4K TVs being adopted quicker than HD TV

4K televisions have a greater adoption rate than HDTV, according to technology lobby group the Consumer Technology Association (CTA). Sales of 4K televisions in the US are expected to double to 15m units this year; rising to 20m a year in 2017 and 26m in 2019.

“Consumers are showing a strong preference for 4K,” said Gary Shapiro, CEO of the CTA. "It's faster and more robust than HDTV," he explained, in comments reported by VentureBeat.

4K resolution is 4096 x 2160 pixels (or 3840 x 2160 on a 16:9 picture format), or four times the total number of pixels on a Full HD 1080p screen (1920 x 1080).

MORE: What is Ultra HD TV and 4K TV? Everything you need to know

The price of televisions is also dropping: from an average of $1048 (£800) in 2015 to $861 (£650) in 2016. So far, there have been 700,000 4K Blu-ray players sold in 2016, with 500,000 4K Blu-ray discs sold, according to the Digital Entertainment Group.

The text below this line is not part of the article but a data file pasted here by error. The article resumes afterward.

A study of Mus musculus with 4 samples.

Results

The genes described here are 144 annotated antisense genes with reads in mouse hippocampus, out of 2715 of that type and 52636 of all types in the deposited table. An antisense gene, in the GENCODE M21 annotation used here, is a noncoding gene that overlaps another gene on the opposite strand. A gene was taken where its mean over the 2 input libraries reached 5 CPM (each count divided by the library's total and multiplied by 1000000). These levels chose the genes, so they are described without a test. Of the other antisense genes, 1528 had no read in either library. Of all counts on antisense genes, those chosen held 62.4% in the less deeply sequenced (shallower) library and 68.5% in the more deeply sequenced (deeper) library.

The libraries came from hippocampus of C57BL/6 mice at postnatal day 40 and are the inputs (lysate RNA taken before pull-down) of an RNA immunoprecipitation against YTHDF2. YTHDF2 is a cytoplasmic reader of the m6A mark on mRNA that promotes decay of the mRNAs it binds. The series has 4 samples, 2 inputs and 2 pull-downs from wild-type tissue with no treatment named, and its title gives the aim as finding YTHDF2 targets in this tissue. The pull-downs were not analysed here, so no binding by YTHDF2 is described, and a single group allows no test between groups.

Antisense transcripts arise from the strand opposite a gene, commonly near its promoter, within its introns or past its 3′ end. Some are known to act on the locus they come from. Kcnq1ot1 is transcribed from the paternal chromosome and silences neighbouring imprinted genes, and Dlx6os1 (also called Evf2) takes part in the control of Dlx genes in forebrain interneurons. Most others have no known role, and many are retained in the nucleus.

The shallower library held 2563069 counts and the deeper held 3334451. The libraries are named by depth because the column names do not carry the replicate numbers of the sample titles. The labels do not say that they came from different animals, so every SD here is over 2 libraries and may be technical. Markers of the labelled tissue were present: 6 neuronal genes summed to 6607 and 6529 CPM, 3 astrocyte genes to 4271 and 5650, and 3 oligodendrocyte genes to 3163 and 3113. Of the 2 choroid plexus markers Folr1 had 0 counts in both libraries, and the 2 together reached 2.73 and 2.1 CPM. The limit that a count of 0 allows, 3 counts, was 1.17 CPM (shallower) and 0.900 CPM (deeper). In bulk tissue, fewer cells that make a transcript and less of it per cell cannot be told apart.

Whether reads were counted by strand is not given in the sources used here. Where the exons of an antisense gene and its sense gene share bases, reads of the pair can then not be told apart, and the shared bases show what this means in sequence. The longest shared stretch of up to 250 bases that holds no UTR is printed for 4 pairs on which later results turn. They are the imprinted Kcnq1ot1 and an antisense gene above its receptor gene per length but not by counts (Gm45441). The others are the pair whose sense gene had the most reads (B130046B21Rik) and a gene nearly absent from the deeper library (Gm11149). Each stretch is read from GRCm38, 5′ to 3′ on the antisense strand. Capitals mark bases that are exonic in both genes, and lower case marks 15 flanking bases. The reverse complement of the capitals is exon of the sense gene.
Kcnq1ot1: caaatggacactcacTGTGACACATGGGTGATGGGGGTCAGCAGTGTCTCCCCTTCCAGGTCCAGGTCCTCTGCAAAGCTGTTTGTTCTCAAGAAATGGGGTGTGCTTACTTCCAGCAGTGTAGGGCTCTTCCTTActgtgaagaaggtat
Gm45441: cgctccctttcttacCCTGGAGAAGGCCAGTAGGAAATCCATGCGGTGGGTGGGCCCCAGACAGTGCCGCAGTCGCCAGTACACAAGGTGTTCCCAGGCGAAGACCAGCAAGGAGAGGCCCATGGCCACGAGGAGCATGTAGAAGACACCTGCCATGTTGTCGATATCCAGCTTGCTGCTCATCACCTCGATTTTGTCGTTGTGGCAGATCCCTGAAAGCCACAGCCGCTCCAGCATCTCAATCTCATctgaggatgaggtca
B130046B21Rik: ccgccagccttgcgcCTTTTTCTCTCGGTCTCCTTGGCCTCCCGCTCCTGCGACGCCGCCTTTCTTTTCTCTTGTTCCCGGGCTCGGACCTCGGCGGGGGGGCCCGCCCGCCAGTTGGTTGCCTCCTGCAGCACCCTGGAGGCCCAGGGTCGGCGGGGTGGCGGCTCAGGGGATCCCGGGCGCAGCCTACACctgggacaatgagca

This is concurrent with more streaming services, like Netflix and Amazon Prime Instant Video, supporting 4K content.

But while 4K might be the highest resolution available in Europe and the US, Japan is set to broadcast 8K content in 2020 during the Tokyo Olympic Games. Sony and Panasonic are rumoured to be in the process of manufacturing televisions capable of supporting the increase in pixels.

MORE: 8K TV will be mainstream by 2020, study forecasts

[via VentureBeat]

Adam was a staff writer for What Hi-Fi?, reviewing consumer gadgets for online and print publication, as well as researching and producing features and advice pieces on new technology in the hi-fi industry. He has since worked for PC Mag as a contributing editor and is now a science and technology reporter for The Independent.